Oakworms, Again.

TOP PHOTO: Early instar orange-striped oakworm caterpillars go to work on red oak leaves.

It’s that time of year again when oakworms do their best to defoliate the red and willow oaks here at the museum. There may be thousands of these voracious moth larvae in the oak trees here at the museum but they never do as much damage as to harm the trees in any great manner. The trees seem to thrive regardless of the devouring hordes of caterpillars relentlessly munching on their leaves.

It often comes up in the lepidopteran literature about these moths, orange-stripped oakworms, that the onslaught of their masticating caterpillars is late in the season. The harm done to the trees is minimal. Most of the tree’s growth for the season has already taken place before the masses of caterpillars take over.

Here at the museum, I start seeing the adult moths in late May to late June. I begin seeing tiny frass on hard surfaces beneath the trees the moths have laid eggs on in mid to late July. The caterpillars become quite noticeable due to their size, the volume of their frass, and the missing leaves in the trees by the end of July and the first few weeks in August.

Adult male moth.
This looks like a female moth.
Recently hatched eggs.
Hours old, these caterpillars are about 3/8″ long.
Frass (caterpillar poop) on top of trash recepticle.
Close of frass.
Frass increases in volume as the caterpillars grow and munch.
This is about as large as they will grow (about 2 1/4″).

It’s also around this time, the first few weeks in August, that we start seeing the caterpillars hiking across the path seeking a place in the nearby woods to pupate. They pupate underground and will emerge about nine moths later as adult moths in late May to late June, when the whole process begins anew.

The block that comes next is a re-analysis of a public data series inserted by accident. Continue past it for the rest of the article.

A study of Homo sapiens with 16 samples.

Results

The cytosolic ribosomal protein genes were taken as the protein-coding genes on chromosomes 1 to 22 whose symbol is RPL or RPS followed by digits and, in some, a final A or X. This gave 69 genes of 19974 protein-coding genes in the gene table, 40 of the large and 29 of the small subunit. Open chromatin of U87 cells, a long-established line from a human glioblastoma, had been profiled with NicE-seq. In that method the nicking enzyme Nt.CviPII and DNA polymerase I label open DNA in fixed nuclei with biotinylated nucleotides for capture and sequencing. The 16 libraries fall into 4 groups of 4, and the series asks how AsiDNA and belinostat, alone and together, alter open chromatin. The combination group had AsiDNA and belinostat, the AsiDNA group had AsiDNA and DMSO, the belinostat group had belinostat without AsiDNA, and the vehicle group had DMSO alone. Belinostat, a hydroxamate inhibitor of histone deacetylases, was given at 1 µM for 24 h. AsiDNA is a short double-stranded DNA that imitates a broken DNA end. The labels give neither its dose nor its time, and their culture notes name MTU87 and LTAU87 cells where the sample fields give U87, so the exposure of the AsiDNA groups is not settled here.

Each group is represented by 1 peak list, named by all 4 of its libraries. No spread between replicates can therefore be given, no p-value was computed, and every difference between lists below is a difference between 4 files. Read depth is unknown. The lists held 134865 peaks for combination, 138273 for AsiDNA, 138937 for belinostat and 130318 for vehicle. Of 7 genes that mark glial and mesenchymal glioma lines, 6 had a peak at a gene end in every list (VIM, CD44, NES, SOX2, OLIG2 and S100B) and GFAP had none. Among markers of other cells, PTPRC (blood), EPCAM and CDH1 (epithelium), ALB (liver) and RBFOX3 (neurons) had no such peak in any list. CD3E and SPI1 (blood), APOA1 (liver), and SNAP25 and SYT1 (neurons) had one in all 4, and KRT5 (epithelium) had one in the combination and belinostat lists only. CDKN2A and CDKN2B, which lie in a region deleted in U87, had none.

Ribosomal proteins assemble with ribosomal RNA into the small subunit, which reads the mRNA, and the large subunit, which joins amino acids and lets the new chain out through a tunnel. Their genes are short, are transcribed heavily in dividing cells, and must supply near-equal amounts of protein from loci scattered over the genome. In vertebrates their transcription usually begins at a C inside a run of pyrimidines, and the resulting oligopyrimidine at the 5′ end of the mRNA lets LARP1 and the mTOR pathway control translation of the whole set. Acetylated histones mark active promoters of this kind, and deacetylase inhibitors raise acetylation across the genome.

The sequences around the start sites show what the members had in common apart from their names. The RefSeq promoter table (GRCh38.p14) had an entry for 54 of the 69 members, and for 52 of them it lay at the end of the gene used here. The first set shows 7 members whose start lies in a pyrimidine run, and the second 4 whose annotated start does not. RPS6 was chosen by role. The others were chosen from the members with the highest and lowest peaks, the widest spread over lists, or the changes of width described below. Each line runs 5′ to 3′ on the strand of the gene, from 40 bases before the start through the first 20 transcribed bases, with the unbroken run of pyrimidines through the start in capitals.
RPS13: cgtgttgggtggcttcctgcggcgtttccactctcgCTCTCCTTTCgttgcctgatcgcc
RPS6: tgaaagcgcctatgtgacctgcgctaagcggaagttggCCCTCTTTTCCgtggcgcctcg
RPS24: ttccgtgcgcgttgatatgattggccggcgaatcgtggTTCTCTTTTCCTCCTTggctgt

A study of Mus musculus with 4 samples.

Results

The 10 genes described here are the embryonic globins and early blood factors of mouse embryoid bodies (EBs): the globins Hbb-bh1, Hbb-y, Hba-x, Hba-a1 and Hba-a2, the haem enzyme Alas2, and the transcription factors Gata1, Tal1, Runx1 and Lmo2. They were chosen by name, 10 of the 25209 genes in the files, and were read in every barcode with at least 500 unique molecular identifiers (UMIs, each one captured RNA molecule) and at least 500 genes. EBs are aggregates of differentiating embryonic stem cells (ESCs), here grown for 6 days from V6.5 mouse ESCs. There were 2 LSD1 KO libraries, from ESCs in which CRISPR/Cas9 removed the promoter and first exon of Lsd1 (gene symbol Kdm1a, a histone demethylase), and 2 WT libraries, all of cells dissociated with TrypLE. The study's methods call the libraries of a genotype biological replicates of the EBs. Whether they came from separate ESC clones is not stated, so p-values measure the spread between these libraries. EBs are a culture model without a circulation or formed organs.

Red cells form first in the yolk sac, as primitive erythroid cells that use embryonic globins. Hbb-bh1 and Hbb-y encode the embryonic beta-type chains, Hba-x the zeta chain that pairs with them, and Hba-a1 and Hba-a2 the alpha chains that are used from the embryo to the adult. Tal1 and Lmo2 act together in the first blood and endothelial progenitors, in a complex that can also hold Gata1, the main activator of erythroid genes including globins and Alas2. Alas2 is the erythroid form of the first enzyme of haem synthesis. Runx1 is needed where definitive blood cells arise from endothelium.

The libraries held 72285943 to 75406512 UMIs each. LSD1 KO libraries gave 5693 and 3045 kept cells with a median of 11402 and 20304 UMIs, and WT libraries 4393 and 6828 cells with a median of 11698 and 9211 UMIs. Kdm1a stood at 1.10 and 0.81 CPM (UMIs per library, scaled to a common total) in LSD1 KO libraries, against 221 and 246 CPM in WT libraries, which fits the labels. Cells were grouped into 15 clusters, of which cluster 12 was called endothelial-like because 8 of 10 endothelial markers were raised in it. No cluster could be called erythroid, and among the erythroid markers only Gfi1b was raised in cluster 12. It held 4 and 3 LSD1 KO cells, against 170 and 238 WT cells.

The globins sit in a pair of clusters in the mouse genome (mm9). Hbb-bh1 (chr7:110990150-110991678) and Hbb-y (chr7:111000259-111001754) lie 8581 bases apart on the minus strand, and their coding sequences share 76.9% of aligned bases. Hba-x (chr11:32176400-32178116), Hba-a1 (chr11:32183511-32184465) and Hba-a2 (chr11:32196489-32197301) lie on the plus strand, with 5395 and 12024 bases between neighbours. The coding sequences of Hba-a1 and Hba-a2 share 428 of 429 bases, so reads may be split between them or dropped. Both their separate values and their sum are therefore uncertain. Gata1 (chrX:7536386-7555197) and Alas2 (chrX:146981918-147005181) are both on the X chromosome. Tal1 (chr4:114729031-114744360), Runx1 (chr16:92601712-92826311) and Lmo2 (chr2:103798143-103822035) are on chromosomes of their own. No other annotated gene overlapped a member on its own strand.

Marching off to pupate.
This one didn’t make it and will become food for larval yellowjackets.
This one made it to the leaf litter.

I will most likely be reminding you of the life cycle of this persistent species of moth around this time next year when I again start seeing the frass collect beneath the trees, the chewed leaves, and the caterpillars hiking across the path on their way to pupate.

2 responses to Oakworms, Again.

  1. P Hanlon says:

    How long do the oakworms stay on the Willow Oak raining their frass on my back deck? My willow oak is at least 50 years old and 50+ feet tall. It does’t seem to be affected by the caterpillars though I do notice some dead branches in the canopy. Tips are healthy. It’s a big nuisance to constantly be trying to clean up the frass. I have to move all furniture out of reach of their nightly bombardment. Just want to know how long the blitzkrieg will last?

    • gregdodge says:

      When the bombing ends depends on where you’re located. Here at the museum it’s just about over. I’ve been seeing lots of caterpillars hiking across the path on their way to pupate. If they’re no longer in the trees they’re no longer eating and frass stops raining down. The entire larval stage lasts for more than a month, so if you’re seeing small frass and no larvae on the ground you may have weeks of bombardment left. Good luck.